Sunday, August 8, 2010


Some people scrapbook for a hobby; others might fish, or sew, or read.  When I find myself with an empty Saturday what I like most to do is cook.  I'll peruse my supplies, or collect treasure from the garden, then surf the net to find recipes to try.  Sometimes what I make is a complete flop, but often I'll end up with something new and delicious.

My kitchen skills have evolved slowly over the past twenty years.  I started out as a terrible cook.  Granted, in eighth grade I was awarded "Homemaker of the Year", but I believe the home economics teacher took pity on me as I frequently would enter her class in tears over some middle school drama.  (That is a story for another time, if I choose to write it at all!).  It certainly wasn't because of my fine cooking skills.  During high school the most I could make was chocolate chip cookies or food from a box (Party Pizza, frozen disgusting stir fry, Steakums--eek!).  In college, if it wasn't dorm food or pizza then ramen noodles ruled.  Eventually I was bold enough to try grilled cheese, but often I would just eat Cheerios for dinner.

It took a few years of living on my own for me to finally develop an appreciation for cooking, and without detailed instructions my skills were still mediocre at best.  I remember one attempt in my early twenties of making pumpkin pie from scratch.  The recipe I used called for pumpkin, but did not go into specifics on how to use a fresh pumpkin.  Back then I thought the pumpkin pulp was the stringy stuff you got when you scooped out the seeds.  That pie was pretty much the scariest item I have ever attempted. 

What finally worked was practice and a decent cookbook.  Between a Cook's Illustrated subscription and the Better Homes and Gardens Cookbook I was able to learn a little more detail behind the recipes.  Don't overbake chocolate.  Don't cook garlic too hot or it will brown and get bitter.  Cook the pumpkin in the oven for 45 minutes, then puree it in a blender before you make the pie (or, better yet, just buy a can of pumpkin).  With the detailed information and lots of practice I can now take pride in the dinners served.

I tell my students that one skill they need to learn before they go on their own in this world is to cook with real food.  That means starting with fresh ingredients--leave the boxes on the shelves.  Those boxes are filled with so many preservatives and salt that it would be difficult (and expensive) to live a healthy lifestyle by cooking from them most of the time.  A vegetable garden is helpful but not necessary--there are plenty of farmer's markets and decent produce sections around.  Start of by simply stir frying some vegetables in a pan, or make a salad.  Eventually you will gain experience and confidence in the kitchen.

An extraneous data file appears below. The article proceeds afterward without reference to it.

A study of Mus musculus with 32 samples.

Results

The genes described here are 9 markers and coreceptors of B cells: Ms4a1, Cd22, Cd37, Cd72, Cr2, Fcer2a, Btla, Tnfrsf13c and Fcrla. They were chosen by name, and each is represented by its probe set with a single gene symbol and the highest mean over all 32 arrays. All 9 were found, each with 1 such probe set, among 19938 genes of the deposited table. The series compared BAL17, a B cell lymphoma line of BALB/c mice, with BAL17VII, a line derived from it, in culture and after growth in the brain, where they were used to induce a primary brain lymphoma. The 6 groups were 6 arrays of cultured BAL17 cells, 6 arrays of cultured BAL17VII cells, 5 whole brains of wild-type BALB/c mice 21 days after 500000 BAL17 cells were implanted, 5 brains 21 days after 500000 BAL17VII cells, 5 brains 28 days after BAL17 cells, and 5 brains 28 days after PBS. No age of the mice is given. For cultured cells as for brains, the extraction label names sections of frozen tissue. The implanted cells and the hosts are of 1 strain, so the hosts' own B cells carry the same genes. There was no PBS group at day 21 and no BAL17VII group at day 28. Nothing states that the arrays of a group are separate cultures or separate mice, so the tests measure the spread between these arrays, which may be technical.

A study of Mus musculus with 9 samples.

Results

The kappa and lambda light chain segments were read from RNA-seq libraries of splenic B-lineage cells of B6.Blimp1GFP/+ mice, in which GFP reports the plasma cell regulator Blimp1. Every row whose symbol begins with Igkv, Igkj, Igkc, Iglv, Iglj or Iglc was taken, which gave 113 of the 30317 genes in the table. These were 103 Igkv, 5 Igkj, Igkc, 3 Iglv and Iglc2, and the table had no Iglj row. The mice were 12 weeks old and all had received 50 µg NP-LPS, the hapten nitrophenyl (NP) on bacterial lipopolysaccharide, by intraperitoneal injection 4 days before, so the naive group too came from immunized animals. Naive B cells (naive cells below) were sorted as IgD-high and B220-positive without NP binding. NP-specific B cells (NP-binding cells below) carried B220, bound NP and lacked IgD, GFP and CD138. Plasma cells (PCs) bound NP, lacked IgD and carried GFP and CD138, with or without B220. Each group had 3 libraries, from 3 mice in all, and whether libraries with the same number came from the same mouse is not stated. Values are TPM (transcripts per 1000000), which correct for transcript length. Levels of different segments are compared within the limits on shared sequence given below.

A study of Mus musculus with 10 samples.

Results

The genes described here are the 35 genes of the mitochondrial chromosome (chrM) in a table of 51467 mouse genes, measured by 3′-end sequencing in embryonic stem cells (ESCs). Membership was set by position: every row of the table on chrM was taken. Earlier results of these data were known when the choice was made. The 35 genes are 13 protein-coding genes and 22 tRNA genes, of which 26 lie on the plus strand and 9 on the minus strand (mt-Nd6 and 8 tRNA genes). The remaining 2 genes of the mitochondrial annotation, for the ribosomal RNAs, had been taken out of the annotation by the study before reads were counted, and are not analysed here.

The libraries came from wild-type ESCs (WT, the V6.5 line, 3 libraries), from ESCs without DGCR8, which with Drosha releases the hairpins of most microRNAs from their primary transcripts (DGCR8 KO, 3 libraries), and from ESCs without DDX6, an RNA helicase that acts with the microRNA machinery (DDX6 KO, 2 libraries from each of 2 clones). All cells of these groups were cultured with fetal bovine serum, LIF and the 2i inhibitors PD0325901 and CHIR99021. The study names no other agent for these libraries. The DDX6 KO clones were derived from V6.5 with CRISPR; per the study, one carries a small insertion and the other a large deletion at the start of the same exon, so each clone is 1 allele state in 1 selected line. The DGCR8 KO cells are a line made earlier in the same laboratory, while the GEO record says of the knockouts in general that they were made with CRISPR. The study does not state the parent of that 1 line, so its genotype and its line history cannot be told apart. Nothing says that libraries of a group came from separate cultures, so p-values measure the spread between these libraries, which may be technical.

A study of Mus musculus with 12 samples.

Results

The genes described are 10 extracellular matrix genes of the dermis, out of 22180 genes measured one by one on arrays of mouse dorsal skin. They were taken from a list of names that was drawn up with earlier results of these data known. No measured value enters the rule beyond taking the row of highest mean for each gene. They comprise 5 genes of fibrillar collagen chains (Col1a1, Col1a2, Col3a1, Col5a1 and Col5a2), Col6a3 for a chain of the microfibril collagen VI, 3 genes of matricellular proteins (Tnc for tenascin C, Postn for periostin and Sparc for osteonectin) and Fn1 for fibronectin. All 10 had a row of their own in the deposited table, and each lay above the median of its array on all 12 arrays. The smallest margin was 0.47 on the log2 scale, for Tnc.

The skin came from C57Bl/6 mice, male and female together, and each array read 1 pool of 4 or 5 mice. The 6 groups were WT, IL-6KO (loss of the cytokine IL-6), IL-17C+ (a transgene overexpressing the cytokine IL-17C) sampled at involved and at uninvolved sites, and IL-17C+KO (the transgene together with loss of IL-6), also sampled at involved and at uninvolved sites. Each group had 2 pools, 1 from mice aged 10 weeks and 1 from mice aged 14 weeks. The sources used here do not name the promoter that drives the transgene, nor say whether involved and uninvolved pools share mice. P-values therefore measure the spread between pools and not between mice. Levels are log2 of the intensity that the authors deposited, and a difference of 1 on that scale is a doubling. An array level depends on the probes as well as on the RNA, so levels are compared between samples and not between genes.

This week I was into baking, and really into chocolate!  A few days ago I cooked up the tomatoes into spaghetti sauce and made some Italian bread to go with it.  I use Dominique's Italian Bread recipe which has worked out well.  The key is when you roll up the bread to roll it tightly so your bread will have a height to it.  Too many times I didn't roll it into a tight log and ended up with very flat and wide bread.  Here's what my tightly rolled bread looks like in the end:
It's great for dipping into spaghetti sauce or eating with roasted garlic.

To deal with my chocolate cravings I made chocolate bread.  Not everyone will appreciate chocolate bread--it's not a sweet bread, but is great with cream cheese or marscapone.  My kids ended up liking it:

The chocolate bread ended up giving me a craving for chocolate cake, and it just so happens this week someone on Twitter posted a link to a nice recipe for everyday chocolate cake.  This woman has a beautiful blog with lovely pictures.  My cake turned out delicious, although I can't take food pictures the way she does:

It didn't sit around very long before we inhaled quite a bit of it.  Yum!